Beaverlog Tips: Volume 9 - February 27, 2003

Welcome to the first issue of Beaverlog Tips. In addition to announcing program updates, we plan to bring you useful information on getting the most out of The THERAPIST. The topic for this issue is making backups.

Backing Up Your Data

Over the last couple of weeks we have encountered several customers who have had severe data loss from computer crashes or viruses. Unfortunately for them, they did not have good backups and lost significant data and spent many hours and dollars recovering or recreating what they could. What makes this even worse is that it is so easy to protect yourself by making regular backups. Consider the following points:

  • Your data is the most valuable part of your computer
  • Floppy disks are cheap
  • Taking a few minutes to make a backup can save you hours and hundreds or thousands of dollars

Backup Strategy

Most folks don't plan ahead on how to do backups and it is often only after disaster strikes that they give it any thought. Even those who make backups regularly sometimes make common mistakes. To help avoid these problems, you need a stragegy for making backups and you need to follow it. The following backup schedule is easy to do and lets you sleep easy in the knowledge that your data is safe. It uses a combination of Quick Backups and Offline Backups.

You will need four backup sets labeled 1 through 4. Each set can be one or more floppy disks, a Zip disk, a Super Disk, or a CD-R or CD-RW. If you are using a CD-R or CD-RW, you will need to format them using software that came with your computer or with the CD drive. Floppy disks should be new formatted disks or freshly reformatted.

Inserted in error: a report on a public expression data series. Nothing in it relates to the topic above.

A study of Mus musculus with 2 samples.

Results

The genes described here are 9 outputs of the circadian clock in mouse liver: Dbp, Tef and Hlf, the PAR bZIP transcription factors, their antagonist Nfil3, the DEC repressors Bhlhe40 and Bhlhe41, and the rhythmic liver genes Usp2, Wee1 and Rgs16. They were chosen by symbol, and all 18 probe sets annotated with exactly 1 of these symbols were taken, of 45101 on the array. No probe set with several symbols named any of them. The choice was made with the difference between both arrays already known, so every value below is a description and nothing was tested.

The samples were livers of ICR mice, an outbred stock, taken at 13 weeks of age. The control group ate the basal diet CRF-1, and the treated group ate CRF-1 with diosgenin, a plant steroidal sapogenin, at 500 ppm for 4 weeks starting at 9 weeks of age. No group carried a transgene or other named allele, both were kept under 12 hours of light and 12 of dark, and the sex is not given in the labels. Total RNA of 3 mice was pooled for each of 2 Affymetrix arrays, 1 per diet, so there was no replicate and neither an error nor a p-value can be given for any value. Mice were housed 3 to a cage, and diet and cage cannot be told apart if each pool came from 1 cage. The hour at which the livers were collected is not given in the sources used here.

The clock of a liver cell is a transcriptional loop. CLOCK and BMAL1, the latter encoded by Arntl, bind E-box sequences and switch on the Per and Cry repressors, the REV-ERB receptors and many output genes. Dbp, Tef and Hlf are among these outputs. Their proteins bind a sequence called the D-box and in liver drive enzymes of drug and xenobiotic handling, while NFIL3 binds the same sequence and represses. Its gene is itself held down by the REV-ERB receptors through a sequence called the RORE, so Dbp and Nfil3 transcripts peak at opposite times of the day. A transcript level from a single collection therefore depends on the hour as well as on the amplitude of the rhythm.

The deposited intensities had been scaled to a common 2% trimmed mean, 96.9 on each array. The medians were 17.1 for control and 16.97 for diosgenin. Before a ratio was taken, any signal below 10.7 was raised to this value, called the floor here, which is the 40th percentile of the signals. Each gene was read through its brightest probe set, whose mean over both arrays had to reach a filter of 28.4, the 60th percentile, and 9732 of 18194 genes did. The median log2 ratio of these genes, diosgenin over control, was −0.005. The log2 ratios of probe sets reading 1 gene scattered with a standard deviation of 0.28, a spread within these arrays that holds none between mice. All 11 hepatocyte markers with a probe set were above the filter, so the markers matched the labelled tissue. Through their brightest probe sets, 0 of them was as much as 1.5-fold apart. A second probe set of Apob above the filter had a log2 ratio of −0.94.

Daily Make a Quick Backup at the end of the day
  Weeks 1-4 Make an Offline Backup on the last work day of the week using the disks from backup set 1. Label the set with the backup date and store them in a safe place. Next week use the next numbered backup set. Cycle through the backup sets in order. As the amount of data you enter increases, you may need to add disks to your backup sets. Use new formatted disks for your next backup set 1.
  Week 5 Make an Offline Backup on the last work day of the week using a fresh set of disks. Label the set with the backup date and store them somewhere away from the office. You can take them home or put them in a safety deposit box. Don't keep them at your office. If you have a fire, you will lose everything.

Quick Backups

Quick Backups store a copy of your data in a different location of your hard disk. That's why they are fast. That's also why they will be lost if your hard disk crashes or if you have to reformat it. The above backup strategy trusts quick backups enough for the daily backups but not enough to rely in it for the long term. You can make a quick backup by clicking on the lightning bolt icon on The THERAPIST's tool bar.

Offline Backups

It is important to have backup copies of your data in multiple physical locations. That is why we use Offline Backups. Making an Offline Backup takes longer than a Quick Backup. If you have a large practice or a lot of data it can take several floppy disks at about a minute per disk. Zip Disks or Super Disks are faster and only require one disk even for very large practices. CD-R and CD-RW also hold a lot of data but the speed depends on your hardware. You can make an Offline Backup by clicking on the floppy disk icon on The THERAPIST's tool bar.

A note about floppy disks. It is important to format your floppy disks periodically. For maximum peace of mind, format each disk in backup set before making your weekly backup. While this is not technically necessary, the purpose of making backups is to be safe and it makes sense to do whatever you can to make sure your backups are readable should you ever need to restore the data from them. Formatting is easy. From My Computer, right click on a disk in drive A: and choose Format. DO NOT choose quick format and don't indicate that you want to make a system or startup disk. Those selections just add files and formatting that you don't need and don't want.


Making regular backups using a backup strategy as outlined above will provide maximum data protection with minimum effort.